Home Education Early Childhood Education in Aotearoa New Zealand: History, Pedagogy, and Liberation
Before Five policy statement
The policy statement Before Five, issued in December 1988, by the government reneged on earlier promises of equity in the Meade Report. It opted for an independent reviewing regime, from an essentially “developmental” epistemological frame, as well as assuring a compliance regime in a regulatory structure (Waitangi Tribunal, 2012) from an English-oriented ontological frame. The developmental frame was based on the arbiters of “correct” or “normal” development and colonizing theories of child development. The ontological frame forced the TKR movement into compliance where Pakeha norms and behaviors became the benchmark.
Since the early heady days of Kohanga Reo expansion from 1982 to 1992 when approximately 850 Kohanga Reo came into being, the challenges for bilingual provision intensified. The glaringly obvious policy gaps have led to predictable outcomes. Of the shift of TKR from Maori Affairs to the Ministry of Education in 1989, it was argued: “While many working in the early childhood sector hailed the Before Five reforms, many working in TKR felt a sense of foreboding” (cited in Skerrett- White, 2001, p. 16). Early on in the establishment of TKR, Te Rangihau, a much esteemed Maori elder, warned:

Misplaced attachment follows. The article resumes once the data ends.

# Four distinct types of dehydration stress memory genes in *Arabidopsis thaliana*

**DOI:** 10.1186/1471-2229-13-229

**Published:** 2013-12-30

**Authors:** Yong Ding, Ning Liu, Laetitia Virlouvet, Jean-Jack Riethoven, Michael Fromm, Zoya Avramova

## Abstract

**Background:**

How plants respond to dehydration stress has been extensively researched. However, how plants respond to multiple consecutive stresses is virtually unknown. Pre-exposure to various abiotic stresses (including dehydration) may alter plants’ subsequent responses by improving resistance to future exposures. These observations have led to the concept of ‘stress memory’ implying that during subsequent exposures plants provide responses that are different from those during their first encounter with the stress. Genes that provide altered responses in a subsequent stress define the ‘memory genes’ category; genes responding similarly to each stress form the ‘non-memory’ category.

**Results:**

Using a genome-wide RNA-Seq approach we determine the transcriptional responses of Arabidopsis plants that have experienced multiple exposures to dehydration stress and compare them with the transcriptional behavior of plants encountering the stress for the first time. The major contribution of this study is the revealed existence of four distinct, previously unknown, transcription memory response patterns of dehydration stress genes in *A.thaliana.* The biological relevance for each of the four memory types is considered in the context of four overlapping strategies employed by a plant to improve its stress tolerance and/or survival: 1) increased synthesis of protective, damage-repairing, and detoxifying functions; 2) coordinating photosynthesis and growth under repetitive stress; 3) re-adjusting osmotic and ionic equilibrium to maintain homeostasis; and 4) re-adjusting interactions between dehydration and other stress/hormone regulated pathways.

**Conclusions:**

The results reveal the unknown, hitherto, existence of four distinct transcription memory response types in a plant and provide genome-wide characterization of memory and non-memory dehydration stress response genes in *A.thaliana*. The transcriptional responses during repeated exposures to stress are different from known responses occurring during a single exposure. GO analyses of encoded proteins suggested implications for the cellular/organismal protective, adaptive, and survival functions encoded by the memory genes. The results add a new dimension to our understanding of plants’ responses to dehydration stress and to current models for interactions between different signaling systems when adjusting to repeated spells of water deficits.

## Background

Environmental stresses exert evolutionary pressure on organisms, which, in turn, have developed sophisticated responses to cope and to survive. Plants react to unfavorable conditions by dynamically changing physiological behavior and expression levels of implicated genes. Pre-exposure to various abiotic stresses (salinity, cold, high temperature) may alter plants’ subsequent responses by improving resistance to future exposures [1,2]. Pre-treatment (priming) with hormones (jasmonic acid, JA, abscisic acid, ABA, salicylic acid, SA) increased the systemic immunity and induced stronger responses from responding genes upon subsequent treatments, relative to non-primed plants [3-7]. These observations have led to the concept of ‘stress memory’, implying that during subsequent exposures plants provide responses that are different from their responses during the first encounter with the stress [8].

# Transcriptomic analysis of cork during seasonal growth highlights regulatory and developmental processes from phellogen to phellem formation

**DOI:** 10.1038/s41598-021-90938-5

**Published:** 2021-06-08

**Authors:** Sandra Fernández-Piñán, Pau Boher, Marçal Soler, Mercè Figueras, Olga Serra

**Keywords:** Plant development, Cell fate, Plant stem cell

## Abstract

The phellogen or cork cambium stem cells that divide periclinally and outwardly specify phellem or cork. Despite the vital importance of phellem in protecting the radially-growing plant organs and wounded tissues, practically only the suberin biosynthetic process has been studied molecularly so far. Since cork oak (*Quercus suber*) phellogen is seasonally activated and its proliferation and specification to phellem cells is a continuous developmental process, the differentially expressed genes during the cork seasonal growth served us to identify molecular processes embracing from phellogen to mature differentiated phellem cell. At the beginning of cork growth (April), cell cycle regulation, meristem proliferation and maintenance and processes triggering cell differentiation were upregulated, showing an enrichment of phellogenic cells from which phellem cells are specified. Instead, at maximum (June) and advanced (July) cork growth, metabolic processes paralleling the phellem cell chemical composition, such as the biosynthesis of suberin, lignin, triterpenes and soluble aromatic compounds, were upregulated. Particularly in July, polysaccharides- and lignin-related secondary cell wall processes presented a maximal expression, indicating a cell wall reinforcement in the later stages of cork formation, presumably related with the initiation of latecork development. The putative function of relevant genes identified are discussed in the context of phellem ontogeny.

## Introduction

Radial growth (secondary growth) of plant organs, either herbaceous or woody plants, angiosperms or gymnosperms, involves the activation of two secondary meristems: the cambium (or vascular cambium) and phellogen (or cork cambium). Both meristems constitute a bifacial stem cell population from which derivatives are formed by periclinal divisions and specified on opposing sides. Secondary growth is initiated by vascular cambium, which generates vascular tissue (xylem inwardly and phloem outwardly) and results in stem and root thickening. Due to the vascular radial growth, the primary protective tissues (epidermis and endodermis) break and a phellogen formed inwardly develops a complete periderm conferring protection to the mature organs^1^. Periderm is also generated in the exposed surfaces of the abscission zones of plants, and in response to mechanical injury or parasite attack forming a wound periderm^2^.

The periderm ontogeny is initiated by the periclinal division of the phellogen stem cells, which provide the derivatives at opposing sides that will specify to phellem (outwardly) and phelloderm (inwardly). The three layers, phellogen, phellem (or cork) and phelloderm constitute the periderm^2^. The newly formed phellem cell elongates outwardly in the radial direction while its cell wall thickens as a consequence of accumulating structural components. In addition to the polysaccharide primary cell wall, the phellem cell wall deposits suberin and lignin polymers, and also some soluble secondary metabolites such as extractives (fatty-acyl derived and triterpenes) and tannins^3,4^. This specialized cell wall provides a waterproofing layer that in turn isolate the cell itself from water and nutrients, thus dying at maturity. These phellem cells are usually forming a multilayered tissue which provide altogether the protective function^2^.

We have come a long way in a very short time with Te Koohanga5 Reo and already I am seeing the signs of professionals in many fields homing in to take advantage of those aspects that can be documented for personal gain or for political purpose. If this trend was to continue and we were to take this to its extreme conclusion, my fear is that we would no longer have a people’s movement, let alone a Maaori people’s movement. (Te TKR Trust Incorporated, 1984, cited in Skerrett-White, 2001)
Wider iwi Maori (tribal groupings) were gravely concerned. Political developments in the intervening years have proven those concerns predictably well founded.